The explosion of technology and the discovery of the many applications of electricity in the early twentieth century provided opportunities for entrepreneurs who were not burdened by having to prove the safety or efficacy of their therapeutic theories.
Dr. John Harvey Kellogg
Dr. Kellogg (1852-1943) was a holistic physician from Battle Creek, Michigan whose belief in moderation brought him to national fame. Visitors from all over the world visited his sanitarium to regain their health through a vegetarian diet, regular enemas, exercise, and therapy that included water, vibration, and electrical treatments.
Dr. John Brinkley, the goat gland doctor
Dr. John Romulus Brinkley became the wealthiest and most powerful quack physician in the world by promoting rejuvenation through the transplantation of goats’ gonads to his patients. The theory that animal characteristics could be transmitted by transplantation had previously been suggested by physicians for hundreds of years, and with a talent for promotion, Dr. Brinkley's made his operation the rage of America and the world.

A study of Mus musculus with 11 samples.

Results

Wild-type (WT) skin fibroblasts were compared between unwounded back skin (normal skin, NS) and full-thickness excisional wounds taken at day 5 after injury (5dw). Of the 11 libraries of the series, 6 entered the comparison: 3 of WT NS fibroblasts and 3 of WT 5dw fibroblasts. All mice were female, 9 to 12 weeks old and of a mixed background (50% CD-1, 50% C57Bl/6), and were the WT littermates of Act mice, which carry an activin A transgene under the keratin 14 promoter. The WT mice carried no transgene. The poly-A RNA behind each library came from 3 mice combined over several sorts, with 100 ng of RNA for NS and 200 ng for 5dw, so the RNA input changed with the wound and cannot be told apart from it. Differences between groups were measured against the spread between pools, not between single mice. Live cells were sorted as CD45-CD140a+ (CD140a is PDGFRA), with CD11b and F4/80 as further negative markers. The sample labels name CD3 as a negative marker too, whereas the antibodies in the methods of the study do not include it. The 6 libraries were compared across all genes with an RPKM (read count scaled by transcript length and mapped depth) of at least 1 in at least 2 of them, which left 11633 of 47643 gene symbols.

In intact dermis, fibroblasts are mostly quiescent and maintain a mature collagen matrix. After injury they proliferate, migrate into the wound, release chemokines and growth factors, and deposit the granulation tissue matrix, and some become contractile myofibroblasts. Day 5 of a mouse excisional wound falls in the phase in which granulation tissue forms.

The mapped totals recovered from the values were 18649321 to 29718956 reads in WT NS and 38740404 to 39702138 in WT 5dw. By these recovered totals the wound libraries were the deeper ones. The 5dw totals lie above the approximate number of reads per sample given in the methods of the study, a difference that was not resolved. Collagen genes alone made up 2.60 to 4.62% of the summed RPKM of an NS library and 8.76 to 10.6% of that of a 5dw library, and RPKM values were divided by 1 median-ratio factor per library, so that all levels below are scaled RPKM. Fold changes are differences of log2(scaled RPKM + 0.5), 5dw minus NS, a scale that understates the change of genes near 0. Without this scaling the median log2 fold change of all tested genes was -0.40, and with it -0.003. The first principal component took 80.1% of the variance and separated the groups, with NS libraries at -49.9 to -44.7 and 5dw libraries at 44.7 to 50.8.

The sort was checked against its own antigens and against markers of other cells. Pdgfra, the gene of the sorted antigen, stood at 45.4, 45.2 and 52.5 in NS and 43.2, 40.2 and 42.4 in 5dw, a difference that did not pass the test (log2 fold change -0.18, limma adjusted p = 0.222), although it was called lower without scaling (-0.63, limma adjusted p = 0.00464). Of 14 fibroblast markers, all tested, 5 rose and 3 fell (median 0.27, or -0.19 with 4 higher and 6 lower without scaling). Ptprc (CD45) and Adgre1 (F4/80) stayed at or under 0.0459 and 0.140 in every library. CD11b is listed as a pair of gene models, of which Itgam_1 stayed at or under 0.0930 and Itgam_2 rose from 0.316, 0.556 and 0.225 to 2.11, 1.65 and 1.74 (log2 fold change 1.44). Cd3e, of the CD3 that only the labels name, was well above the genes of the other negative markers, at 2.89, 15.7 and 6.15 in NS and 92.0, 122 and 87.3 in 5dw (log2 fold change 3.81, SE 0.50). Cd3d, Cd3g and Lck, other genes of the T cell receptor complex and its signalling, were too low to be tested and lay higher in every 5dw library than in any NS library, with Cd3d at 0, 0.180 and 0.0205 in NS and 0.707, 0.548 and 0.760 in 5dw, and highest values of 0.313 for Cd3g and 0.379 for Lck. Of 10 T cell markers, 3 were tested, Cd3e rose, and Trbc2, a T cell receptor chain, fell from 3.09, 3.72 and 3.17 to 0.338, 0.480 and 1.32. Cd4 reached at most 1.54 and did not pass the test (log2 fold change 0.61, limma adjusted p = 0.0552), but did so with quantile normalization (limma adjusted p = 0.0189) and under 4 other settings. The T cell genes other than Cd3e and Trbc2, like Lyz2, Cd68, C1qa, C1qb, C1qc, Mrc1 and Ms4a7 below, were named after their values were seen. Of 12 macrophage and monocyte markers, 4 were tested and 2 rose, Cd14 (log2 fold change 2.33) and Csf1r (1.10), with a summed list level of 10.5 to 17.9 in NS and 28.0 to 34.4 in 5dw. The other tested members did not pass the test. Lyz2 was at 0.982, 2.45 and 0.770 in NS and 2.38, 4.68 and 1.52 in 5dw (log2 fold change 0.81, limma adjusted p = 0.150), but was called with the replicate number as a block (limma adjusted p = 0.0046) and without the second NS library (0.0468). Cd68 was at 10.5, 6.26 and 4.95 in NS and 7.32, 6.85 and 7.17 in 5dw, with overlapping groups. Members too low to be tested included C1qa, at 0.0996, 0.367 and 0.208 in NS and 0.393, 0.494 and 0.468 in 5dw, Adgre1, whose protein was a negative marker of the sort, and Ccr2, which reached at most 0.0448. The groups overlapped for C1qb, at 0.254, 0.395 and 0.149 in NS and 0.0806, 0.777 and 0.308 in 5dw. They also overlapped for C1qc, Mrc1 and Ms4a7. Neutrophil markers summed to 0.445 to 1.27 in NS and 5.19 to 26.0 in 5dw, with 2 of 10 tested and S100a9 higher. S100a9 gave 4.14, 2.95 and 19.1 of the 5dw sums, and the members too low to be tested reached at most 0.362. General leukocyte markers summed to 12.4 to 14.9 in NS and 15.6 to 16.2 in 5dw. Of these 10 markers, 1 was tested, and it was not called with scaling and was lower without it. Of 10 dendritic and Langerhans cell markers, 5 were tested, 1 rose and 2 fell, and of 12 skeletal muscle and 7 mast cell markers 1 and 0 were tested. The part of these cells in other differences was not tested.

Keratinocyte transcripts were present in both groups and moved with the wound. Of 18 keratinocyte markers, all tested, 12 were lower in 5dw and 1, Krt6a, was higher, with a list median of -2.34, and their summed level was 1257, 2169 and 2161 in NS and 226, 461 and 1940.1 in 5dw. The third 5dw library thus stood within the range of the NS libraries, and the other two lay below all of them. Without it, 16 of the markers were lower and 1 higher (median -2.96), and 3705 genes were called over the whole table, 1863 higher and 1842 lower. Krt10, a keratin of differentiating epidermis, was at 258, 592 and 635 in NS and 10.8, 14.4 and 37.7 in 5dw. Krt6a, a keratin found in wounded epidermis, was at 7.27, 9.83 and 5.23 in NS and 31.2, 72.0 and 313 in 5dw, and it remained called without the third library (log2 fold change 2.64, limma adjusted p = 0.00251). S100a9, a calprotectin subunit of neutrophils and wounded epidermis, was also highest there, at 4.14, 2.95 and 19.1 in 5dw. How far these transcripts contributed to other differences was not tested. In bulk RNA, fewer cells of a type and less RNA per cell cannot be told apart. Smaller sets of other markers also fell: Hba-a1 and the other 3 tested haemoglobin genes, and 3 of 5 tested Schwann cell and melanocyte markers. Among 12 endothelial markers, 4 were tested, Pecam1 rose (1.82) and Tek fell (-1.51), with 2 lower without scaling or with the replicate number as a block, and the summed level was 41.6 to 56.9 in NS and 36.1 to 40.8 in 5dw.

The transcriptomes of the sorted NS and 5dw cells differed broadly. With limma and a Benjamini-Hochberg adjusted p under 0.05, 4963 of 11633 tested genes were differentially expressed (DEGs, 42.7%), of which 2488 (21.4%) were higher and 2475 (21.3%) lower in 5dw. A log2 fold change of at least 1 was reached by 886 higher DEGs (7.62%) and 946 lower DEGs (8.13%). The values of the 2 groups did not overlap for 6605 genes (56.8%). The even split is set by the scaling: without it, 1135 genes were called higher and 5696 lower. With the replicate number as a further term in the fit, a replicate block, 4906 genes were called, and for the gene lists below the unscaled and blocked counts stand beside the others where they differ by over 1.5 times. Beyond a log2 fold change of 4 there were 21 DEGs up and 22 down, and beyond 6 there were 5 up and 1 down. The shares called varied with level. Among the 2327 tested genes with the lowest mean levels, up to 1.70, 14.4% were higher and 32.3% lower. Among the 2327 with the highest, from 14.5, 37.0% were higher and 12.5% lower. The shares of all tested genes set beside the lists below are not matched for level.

XERA, Brinkley radio
In 1931, Brinkley's radio station XER which was located just across the Mexican boarder initially broadcast a variety show with a powerful 75,000 watts, though after some encouragement, Mexican authorities allowed him to boost power to 500,000 watts, making it the most powerful station in the world. It was not long before XER became XERA and with power increased to an earth shattering one million watts, many channels were drowned out over a large part of the United States.
Dr. Albert Abrams, King of the Quacks
Albert Abrams, AM, MD, LLD, FRMS, a neurologist born in San Francisco in 1864, was the King of American Charlatans. Abrams believed that the diagnosis and treatment of a number of illnesses began with the percussion of reflex centers in the spine, and he was happy to provide courses on the subject at up to two hundred dollars apiece. Abrams’ electric devices were termed ERA, or Electronic Reactions of Abrams (later to be called “radionics”), and he was responsible for the production of a generation of quack machines that flooded the market in the first part of the twentieth century.